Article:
May 23, 2006
Cornell students 'speak for justice' by helping rebuild minority neighborhoods in New Orleans
Cornell planning, design and policy students are working to rebuild New Orleans homes -- helping rescue them not only from the ravages of Hurricane Katrina but also from developers seeking to alter the character of the city's predominantly black neighborhoods.
The developers pressured city, state and federal officials to jettison rebuilding -- incorrectly assuming that few residents would return -- and instead to rezone those areas as open space, to be used to absorb future storm activity.
But the neighborhoods have great historical and cultural importance to the city, noted Ken Reardon, associate professor and chair of Cornell's Department of City and Regional Planning (CRP), who has been leading a Cornell student effort to aid the city's 9th Ward, the poorest but also the closest knit community, with the most churches, civic, cultural and health-care institutions. "Many of the houses were the first property that the children of slaves were able to acquire. They have been in families for generations," he said.
Time is running out to rebuild and preserve them. Residents must come up with a comprehensive alternative plan to the open-space designation by June 30, reported Reardon. If they don't, "there will be major racial and class-based displacement." If they do, it will be a credit to the involvement of many, including the Cornell students. But, Reardon cautioned, "It's still a significant uphill battle to convince the city, state and federal planning agencies that the majority of the 9th Ward residents can be re-housed in a viable and sustainable way in the neighborhood."
Weeks after Hurricane Katrina hit, Reardon responded to an urgent request for high-quality planning help in New Orleans from the Association of Community Organizations for Reform Now (ACORN), a grass-roots nonprofit. The city's own planning department had been reduced to a staff of six and was unable to assist.
Last fall, producing a comprehensive planning document in less than eight months "seemed unimaginable," said Reardon, who mobilized college planning and design programs across the country to assist. He also presented the "opportunity" to help to about 100 Cornell students and a few faculty members in planning, design and policy. "They voted overwhelmingly to make this a priority," he said.
The students and faculty worked with ACORN to form the New Orleans Planning Initiative (NOPI), which led to seven CRP service-learning courses across campus focusing on New Orleans planning (Open Space Resources and Disaster Resistance in a Post-Katrina New Orleans; Urban Economics; Introduction to Geographic Information Systems; Land Use Regulation; City Planning Design Studio; Measured Drawings; and Quantitative Techniques for Policy Analysis and Program Management).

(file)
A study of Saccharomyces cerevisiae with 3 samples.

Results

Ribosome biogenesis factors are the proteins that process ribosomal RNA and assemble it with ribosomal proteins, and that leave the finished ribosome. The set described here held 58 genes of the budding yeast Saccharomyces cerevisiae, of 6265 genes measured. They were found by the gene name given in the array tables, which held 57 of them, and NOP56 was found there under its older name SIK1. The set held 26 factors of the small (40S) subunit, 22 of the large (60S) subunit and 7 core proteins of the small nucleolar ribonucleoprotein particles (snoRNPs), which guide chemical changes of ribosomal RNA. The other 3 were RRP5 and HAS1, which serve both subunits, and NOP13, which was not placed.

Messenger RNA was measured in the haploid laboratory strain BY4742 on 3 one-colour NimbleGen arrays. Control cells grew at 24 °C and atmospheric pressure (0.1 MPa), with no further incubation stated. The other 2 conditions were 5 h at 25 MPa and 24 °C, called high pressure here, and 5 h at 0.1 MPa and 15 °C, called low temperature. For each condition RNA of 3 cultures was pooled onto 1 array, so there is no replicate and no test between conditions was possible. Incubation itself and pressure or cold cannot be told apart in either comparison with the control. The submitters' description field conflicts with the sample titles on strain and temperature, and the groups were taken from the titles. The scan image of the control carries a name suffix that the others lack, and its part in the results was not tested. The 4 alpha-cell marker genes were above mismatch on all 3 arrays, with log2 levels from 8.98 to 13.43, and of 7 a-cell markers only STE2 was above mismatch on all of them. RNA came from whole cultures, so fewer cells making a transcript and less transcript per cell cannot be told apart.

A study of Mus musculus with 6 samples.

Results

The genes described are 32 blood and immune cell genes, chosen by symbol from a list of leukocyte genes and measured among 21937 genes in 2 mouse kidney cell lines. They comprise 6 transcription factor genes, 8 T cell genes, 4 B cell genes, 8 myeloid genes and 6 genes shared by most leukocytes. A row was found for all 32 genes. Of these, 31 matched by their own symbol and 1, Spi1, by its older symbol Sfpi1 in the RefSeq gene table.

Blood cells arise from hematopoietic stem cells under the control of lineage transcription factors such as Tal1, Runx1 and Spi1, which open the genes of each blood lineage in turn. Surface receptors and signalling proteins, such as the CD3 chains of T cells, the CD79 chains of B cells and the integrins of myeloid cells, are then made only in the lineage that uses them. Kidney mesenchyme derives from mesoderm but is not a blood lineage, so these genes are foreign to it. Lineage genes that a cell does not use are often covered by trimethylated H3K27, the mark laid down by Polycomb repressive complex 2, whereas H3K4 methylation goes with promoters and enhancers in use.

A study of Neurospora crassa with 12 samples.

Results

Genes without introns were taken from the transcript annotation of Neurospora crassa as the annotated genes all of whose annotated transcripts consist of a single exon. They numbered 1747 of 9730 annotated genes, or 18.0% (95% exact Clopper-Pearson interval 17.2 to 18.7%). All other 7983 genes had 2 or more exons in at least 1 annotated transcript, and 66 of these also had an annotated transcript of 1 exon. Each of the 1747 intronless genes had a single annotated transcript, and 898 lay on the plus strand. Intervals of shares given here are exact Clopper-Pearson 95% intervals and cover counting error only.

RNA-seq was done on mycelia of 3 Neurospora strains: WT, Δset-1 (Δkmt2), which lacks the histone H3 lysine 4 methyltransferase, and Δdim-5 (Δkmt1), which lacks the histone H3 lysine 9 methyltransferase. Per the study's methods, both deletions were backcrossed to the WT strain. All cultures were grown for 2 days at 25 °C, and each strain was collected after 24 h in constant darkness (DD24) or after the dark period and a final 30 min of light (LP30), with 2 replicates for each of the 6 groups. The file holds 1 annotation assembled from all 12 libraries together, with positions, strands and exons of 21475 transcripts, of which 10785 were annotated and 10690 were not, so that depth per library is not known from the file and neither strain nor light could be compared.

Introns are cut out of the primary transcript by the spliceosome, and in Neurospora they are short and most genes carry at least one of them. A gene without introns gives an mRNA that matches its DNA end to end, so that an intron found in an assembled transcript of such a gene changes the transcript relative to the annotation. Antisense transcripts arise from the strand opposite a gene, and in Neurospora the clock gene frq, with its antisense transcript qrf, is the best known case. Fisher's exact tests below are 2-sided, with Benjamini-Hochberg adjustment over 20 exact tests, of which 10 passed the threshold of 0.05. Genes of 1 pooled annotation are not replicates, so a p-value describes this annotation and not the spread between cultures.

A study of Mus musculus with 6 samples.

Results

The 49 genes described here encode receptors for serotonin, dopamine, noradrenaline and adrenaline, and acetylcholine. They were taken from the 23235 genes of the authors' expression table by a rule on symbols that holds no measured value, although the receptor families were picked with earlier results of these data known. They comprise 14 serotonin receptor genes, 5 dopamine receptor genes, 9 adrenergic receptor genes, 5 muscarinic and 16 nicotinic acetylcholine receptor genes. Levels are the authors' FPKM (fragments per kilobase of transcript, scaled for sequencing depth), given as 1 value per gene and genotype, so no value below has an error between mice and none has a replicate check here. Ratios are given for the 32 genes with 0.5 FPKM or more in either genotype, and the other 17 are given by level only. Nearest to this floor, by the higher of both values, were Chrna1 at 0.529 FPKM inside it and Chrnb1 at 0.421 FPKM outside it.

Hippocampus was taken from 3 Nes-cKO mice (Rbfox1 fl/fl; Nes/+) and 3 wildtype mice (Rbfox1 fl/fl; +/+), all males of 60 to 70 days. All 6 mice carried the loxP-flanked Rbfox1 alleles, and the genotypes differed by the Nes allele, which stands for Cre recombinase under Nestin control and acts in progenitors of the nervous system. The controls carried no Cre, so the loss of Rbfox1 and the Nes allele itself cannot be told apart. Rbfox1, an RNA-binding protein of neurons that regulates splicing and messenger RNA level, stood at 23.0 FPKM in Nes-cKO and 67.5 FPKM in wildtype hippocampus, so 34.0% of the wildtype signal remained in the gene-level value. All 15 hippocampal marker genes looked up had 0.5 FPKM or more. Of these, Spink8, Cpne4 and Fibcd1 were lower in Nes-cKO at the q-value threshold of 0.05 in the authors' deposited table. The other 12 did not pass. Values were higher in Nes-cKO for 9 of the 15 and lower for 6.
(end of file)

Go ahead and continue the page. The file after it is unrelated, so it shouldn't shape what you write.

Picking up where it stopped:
The students and faculty also made multiple trips to the city to talk with locals about community needs and rolled up their sleeves to help gut the most-damaged houses.
On May 15 in Anabel Taylor Hall's One World Room the student teams reported on their efforts. One team proposed the best housing and rebuilding options for residents. Another team reported on returning residents, noting that 9,000 were already living in the upper 9th Ward, with another 16,000 planning to return. A team of Historic Preservation Planning students offered a plan for the rehabilitation and expansion of the area's St. Roch market. A team of urban design students made recommendations for embellishing the neighborhoods' special character and linking it to the rest of the city through a riverfront walk, parks and other gathering places.
CRP graduate student Xinyuan Yang proposed an informal, neighborhood-run shuttle bus as a way to offer residents flexible, low-cost transportation. And Shigeru Tanaka and Andrew Rumbach, also CRP graduate students, used the lessons learned from Katrina to develop their evacuation plan for the area.
In addition, CRP faculty members Ole Amundsen and George Frantz spoke about coastal wetlands losses and what might be done to minimize them and lessen the impact of future storms on the region.
And a team of graduate students in Professor David B. Lewis' CRP policy analysis course presented on a forecasting and management decision-making tool they developed to help ACORN allocate resources efficiently. Lewis, director of the Cornell Institute for Public Affairs, said the students' work was only the beginning: "We're looking for a long-term relationship of one to two decades with the residents of New Orleans' minority communities and ACORN."
"I've never been prouder of a group of students," Reardon told the presenters, praising them for using their planning tools to "speak for justice." The work will continue, he promised, with planning students interning in New Orleans this summer and a range of related Cornell courses being offered in 2006-07.